The abortion debate figured in Tuesday's midterms in a general sense—Democrats hoped that voters angry about the overturning of Roe v. Wade would turn out in droves to support their candidates. But abortion also was on the ballot in a literal sense in five states. The outcomes, per the AP and New York Times:
This story will be updated as results come in.
- Kentucky—rejected: Voters were asked whether to amend the state constitution to specify that it does not protect the right to an abortion and to prohibit the use of state funds for abortions. The AP notes: "While a significant moral victory for abortion-rights advocates, the amendment's defeat will have no practical impact on the right to an abortion if a sweeping ban on the procedure approved by lawmakers survives a legal challenge presently before the state Supreme Court."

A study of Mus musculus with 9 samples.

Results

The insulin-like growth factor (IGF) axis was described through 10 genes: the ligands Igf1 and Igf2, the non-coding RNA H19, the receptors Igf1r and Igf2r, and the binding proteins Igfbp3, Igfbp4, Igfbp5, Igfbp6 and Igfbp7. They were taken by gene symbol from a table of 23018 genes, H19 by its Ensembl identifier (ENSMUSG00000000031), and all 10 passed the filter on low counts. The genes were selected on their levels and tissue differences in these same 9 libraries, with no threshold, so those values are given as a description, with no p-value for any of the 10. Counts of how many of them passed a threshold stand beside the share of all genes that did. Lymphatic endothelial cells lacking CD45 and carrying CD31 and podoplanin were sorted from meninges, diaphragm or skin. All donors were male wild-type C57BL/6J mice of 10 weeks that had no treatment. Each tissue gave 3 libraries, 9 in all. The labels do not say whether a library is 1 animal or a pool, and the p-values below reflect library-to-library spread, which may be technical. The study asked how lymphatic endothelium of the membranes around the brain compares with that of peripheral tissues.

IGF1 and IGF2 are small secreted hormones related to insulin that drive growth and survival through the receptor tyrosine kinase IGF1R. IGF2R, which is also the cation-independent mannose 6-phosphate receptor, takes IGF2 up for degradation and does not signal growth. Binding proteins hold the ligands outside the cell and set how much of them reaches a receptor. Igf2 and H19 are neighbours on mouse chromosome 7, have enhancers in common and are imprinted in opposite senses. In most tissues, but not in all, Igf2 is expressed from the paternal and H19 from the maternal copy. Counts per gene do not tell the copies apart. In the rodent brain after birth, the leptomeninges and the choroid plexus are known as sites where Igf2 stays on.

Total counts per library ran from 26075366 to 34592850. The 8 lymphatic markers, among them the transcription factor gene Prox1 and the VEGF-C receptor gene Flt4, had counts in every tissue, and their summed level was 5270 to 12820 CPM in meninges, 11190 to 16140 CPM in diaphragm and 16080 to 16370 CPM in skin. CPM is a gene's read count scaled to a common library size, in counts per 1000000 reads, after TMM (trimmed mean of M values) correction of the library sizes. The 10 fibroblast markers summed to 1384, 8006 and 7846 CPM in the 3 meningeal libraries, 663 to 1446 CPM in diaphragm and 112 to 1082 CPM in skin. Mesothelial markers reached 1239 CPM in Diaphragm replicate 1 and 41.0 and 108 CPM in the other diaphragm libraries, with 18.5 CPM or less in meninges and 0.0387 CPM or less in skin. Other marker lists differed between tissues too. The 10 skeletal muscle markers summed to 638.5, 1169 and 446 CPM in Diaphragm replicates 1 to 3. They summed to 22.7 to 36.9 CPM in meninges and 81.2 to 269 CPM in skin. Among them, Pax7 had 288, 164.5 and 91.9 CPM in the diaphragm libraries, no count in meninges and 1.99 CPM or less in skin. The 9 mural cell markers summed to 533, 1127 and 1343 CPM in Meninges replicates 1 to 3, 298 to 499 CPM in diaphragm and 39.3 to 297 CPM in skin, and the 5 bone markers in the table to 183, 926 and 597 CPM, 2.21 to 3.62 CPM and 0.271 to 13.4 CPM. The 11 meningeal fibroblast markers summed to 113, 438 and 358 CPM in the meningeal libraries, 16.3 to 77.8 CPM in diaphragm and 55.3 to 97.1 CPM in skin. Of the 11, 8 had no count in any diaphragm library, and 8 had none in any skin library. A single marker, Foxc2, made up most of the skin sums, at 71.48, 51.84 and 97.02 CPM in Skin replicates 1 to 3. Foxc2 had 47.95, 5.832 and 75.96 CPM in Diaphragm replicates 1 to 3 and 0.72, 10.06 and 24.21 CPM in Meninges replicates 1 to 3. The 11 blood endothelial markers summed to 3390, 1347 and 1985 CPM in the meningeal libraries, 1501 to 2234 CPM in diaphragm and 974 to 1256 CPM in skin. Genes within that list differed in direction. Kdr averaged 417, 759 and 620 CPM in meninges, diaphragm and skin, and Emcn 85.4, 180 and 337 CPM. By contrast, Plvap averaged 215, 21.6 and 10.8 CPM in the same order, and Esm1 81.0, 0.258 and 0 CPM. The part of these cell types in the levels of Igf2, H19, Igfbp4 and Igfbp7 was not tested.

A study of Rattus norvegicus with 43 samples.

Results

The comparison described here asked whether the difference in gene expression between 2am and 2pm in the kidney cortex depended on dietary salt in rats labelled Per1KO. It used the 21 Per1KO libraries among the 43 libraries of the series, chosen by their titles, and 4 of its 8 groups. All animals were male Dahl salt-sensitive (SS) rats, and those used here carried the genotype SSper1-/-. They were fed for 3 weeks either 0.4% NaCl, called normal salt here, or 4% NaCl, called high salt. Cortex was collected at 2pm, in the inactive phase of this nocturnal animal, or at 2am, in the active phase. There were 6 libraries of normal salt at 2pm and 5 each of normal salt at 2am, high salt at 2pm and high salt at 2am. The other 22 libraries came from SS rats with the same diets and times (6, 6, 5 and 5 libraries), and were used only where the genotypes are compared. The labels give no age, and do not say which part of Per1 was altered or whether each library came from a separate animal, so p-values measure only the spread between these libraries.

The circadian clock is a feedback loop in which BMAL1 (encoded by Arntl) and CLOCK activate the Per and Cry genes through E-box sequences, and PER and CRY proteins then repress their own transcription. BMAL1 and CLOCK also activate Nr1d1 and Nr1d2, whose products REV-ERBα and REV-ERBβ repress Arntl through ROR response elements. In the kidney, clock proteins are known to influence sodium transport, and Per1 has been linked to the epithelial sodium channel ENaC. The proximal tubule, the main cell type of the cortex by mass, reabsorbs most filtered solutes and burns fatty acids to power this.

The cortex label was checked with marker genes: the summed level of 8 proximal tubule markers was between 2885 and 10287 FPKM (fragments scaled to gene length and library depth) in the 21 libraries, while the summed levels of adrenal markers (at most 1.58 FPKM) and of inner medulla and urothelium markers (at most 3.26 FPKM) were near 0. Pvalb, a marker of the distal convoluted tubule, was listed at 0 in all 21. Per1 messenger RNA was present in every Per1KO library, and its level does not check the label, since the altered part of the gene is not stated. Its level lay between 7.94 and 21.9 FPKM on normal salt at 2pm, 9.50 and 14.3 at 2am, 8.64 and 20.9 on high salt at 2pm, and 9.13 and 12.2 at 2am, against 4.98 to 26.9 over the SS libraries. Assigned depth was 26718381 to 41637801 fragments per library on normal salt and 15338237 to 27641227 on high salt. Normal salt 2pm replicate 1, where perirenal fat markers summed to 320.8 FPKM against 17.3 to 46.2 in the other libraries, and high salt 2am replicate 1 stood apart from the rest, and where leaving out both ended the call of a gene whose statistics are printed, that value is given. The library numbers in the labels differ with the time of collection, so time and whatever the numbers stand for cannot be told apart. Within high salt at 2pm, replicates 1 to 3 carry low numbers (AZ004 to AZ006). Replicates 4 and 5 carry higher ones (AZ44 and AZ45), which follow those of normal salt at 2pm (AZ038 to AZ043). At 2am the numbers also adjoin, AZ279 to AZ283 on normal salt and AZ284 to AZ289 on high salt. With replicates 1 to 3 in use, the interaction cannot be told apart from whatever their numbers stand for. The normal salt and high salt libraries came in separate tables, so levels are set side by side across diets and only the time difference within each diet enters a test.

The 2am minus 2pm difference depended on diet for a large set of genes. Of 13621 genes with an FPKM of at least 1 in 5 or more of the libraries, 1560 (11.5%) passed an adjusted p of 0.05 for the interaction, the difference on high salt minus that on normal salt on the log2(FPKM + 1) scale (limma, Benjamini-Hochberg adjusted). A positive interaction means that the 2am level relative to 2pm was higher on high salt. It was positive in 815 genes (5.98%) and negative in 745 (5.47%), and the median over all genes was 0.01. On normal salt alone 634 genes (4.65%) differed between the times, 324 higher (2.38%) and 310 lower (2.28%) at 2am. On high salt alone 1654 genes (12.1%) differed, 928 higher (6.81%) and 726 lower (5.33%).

- Michigan—passed: The state will amend its constitution to protect the right to abortion as well as broader reproductive rights such as contraception and miscarriage management.
- Vermont—passed: As with Michigan, Vermont may amend its constitution to protect women's right to choose an abortion, or "personal reproductive autonomy," as the measure puts it.
- California—passed: A state constitutional amendment will codify the right to abortion by prohibiting the state from interfering with women's access to the procedure or to contraception.
- Montana—not yet called: Voters will decide whether to require medical care and treatment for infants who are born alive after an attempted abortion. Unlike the other states, this isn't a constitutional amendment but a legislative referendum, per CBS News. Results hadn't been called by Wednesday morning, but with 80% of the vote in, "no" was leading by a 5-point margin.